The amount of recruitment technology available today is staggering–and if you haven’t kept up in recent years, you might be way behind.
On the plus side, technology can help you find better talent, faster than before. On the minus side? It can be hard to keep pace with the constant developments in sourcing and recruiting technology. Nobody can keep up with every change, but if you want to make sure you’re using more current methods, read on.
New Uses for Older Technology
Two things that are really taking off in the industry right now are audio and video. You may have heard of “jobcasting,” which entails creating simple audio files that people can listen to online or download to a computer or iPod. Many companies are now podcasting their job openings and marketing their brand through carefully crafted jobcasts.
Video can help you cut costs and time. Employers and recruiters can do video interviews, enabling them to get a feel for remote candidates in a way that phone conversations and emails just can’t deliver. Video is also being used as a way to educate candidates about jobs. Job previews show real workers on the job talking about their responsibilities. One HR consulting group offers what it calls Virtual Job Tryout, which puts candidates in simulated job situations. Watching the candidate “on the job,” even in a virtual scenario, allows managers to make a pretty thorough assessment of the candidate’s potential.
New Ways of Social Recruiting
Social recruiting has already come a long way since the recruiting industry realized the value of LinkedIn, Facebook and Twitter. Not only have the big two upped the ante by adding new recruiting services (Talent Finder on LinkedIn; BeKnown and BranchOut on Facebook), but there are sites like Tweetajob.com that simplify Twitter for recruiters and job seekers. Tweetajob distributes job tweets that match job seeker location and career preferences, and job seekers get relevant opportunities in real time–via Twitter or mobile phone.
Other social recruiting resources include sites like JobMagic.com and Jobs2Web, which both try to simplify the multiple processes of bringing companies and candidates together. JobMagic markets itself as an all-in-one platform that includes referral hiring, talent network management, automated job publishing and crowd sourcing. Jobs2Web uses interactive marketing technology to help find and engage candidates, and to develop and harvest multiple recruiting channels for their clients.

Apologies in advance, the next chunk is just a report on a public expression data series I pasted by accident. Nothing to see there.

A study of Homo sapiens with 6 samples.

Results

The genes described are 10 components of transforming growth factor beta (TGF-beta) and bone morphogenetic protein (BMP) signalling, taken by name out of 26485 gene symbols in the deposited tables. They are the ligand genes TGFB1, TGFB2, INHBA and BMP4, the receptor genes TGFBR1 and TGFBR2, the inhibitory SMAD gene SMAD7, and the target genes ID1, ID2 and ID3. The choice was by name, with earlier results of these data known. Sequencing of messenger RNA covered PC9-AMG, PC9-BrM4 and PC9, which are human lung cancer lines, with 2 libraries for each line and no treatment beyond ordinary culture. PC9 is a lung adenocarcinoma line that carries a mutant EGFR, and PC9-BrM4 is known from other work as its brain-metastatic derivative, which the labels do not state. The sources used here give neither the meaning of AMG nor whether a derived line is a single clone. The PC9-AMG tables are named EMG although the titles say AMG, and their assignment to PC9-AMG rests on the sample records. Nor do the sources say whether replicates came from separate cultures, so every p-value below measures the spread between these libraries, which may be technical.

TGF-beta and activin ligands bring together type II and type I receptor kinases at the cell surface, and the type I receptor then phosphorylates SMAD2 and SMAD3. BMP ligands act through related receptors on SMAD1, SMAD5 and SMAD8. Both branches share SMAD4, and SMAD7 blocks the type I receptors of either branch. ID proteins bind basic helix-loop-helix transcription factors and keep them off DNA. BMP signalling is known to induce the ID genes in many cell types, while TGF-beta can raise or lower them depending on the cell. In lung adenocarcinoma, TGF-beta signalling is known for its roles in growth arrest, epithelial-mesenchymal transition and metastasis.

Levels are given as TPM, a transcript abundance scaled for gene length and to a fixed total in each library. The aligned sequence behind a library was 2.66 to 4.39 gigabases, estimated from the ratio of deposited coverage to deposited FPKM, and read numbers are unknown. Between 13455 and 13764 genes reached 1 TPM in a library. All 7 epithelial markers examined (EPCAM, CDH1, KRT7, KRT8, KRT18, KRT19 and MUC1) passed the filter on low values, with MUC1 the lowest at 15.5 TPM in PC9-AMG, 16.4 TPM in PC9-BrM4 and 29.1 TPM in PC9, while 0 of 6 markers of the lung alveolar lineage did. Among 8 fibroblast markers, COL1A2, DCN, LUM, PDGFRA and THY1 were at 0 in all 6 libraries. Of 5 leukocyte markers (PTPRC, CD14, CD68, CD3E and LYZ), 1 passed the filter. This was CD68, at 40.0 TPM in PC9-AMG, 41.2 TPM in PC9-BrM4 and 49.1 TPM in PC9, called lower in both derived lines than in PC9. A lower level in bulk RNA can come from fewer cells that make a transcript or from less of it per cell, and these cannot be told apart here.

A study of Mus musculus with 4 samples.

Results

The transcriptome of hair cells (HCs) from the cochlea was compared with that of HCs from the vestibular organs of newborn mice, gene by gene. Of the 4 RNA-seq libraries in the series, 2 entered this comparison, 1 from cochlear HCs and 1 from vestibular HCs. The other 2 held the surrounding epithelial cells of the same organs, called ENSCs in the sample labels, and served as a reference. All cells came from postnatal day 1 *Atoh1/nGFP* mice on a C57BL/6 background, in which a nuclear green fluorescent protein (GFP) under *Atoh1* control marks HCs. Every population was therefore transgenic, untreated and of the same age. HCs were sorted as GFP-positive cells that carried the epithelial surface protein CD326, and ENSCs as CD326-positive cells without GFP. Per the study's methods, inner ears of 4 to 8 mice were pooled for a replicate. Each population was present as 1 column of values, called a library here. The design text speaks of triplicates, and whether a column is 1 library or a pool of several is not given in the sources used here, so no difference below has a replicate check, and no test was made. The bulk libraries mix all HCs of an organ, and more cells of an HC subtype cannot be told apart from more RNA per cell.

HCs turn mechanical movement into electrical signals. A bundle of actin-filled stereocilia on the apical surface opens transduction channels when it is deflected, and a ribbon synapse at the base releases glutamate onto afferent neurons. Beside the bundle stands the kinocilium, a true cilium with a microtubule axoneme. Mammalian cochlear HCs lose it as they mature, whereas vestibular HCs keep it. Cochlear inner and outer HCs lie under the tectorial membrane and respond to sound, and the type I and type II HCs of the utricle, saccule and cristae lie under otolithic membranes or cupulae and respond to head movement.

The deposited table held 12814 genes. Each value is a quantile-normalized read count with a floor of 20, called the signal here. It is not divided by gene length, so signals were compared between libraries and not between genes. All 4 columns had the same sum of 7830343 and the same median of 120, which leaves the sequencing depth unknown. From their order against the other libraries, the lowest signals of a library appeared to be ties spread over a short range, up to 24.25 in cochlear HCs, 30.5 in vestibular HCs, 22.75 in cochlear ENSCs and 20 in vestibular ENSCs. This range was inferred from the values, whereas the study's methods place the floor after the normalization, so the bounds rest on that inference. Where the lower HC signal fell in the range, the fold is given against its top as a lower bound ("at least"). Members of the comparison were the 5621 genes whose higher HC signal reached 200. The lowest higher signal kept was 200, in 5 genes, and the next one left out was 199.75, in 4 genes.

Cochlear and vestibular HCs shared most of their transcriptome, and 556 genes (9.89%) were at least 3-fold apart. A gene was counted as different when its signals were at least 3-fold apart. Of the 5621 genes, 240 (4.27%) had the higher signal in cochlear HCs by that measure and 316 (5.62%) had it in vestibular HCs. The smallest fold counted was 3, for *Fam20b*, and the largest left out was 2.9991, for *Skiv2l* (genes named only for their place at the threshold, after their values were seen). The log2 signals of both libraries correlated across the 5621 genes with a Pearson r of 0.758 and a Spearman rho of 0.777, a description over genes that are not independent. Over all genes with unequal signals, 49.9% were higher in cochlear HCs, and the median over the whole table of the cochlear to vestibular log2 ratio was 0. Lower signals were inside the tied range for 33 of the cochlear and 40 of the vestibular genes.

Private talent communities are also popping up all over the Internet. If your target audience has not yet formed an online community or affinity group, they will soon. Most of us have a segment of the labor market that includes the talent we’re interested in, and that talent has migrated online. The growth in social networking sites has been accompanied by a growth in all sorts of online groups and communities. These affinity-driven communities segment themselves naturally into ideal groups in which to build relationships.
New Additions to Old Systems
Applicant Tracking Systems (ATS) have been around for quite awhile, but what they can do now is far beyond their earliest incarnations. The newest ATS software serves multiple purposes, including housing information and résumés from applicants and potential candidates, and scheduling interviews and performing follow-up. Hiring information is tracked to comply with Office of Federal Contract Compliance Programs regulations or similar rules in other countries. Interactions of any sort are tracked, including topics covered in conversation. Responses to inquiries are immediate and automatic. Applicant Tracking Systems can now be used for employee management and performance appraisals. They can also import résumés from a candidate’s social media site.
Is your company’s technology stuck back in 2007? Are you still using old methods to find new candidates–or to not find them, as the case may be? 2012 might be the year to make a change.